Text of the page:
It was a summer afternoon in 1992. I was spending the weekend at my grandparents, like I did most weekends between the ages of 7 and 12.
I was in the Upstairs Back Bedroom, a spare bedroom with an unimaginative, formal name bestowed by my grandmother, watching TV when she called me to her bedside.
The room was completely dark, despite the time of day. My grandmother rolled onto her right side, and I collapsed on the floor onto my knees, leaning my head on her mattress.
She pet my head, and I started to cry. For as long as I can remember, I knew my grandmother's intense love, a love she had for me alone, but I also knew her suffering. At 8, lupus and Percocet were part of my vocabulary. I didn't know what they really meant, but I knew it wasn't good based on my parents' tone of voice when they talked about them. I also knew they were the reason "Grammy doesn't feel so good," most days.
Grammy didn't feel so good that day, and she was itching to tell me something. "Some day, you're going to grow up and leave Grammy," she said somberly.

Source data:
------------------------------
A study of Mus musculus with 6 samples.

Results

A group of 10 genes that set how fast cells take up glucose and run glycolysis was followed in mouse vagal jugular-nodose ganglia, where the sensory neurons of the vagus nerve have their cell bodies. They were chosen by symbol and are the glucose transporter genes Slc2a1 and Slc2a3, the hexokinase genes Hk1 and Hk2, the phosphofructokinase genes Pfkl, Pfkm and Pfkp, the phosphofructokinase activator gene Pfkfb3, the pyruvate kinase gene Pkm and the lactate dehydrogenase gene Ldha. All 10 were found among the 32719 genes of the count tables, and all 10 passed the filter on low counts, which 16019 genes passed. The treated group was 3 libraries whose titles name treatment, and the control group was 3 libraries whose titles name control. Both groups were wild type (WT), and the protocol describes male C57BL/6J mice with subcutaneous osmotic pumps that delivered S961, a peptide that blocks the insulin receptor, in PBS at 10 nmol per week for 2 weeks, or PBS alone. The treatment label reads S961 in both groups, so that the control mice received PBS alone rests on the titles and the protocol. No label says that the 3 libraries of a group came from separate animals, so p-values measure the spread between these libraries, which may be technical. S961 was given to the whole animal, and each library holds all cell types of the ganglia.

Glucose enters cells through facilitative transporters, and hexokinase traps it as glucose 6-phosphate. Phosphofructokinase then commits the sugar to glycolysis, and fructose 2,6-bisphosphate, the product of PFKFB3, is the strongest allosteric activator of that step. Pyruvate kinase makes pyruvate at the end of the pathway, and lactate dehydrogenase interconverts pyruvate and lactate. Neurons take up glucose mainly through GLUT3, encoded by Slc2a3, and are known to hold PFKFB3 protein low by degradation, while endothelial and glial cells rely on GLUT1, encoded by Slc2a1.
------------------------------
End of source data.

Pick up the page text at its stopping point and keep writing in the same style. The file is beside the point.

"Grammy, I love you. I'll never leave you," I sobbed.
"Yes, you will," she said confidently. "You're going to grow up and meet a boy, and you won't care about Grammy anymore."
My 8-year-old mind couldn't fathom a moment, let alone a day, I didn't love this woman, and my 8-year-old heart broke at the suggestion.
My 23-year-old heart broke again on my wedding day when I heard she said, "she's changed for this boy," and that I was going to move to New Jersey and never visit again.
I tried to visit again in the years that followed, but she didn't make it easy. There was always a creative reason why it wasn't convenient – it usually involved her health or my 8-pound dog.
I spent years heartbroken and trying to understand what I'd done wrong. Unfortunately, it took another 7, therapy, and a book about eggshells to make sense of that conversation from my childhood – I had loved and been fiercely loved by someone with borderline personality disorder – and she wasn't the only one.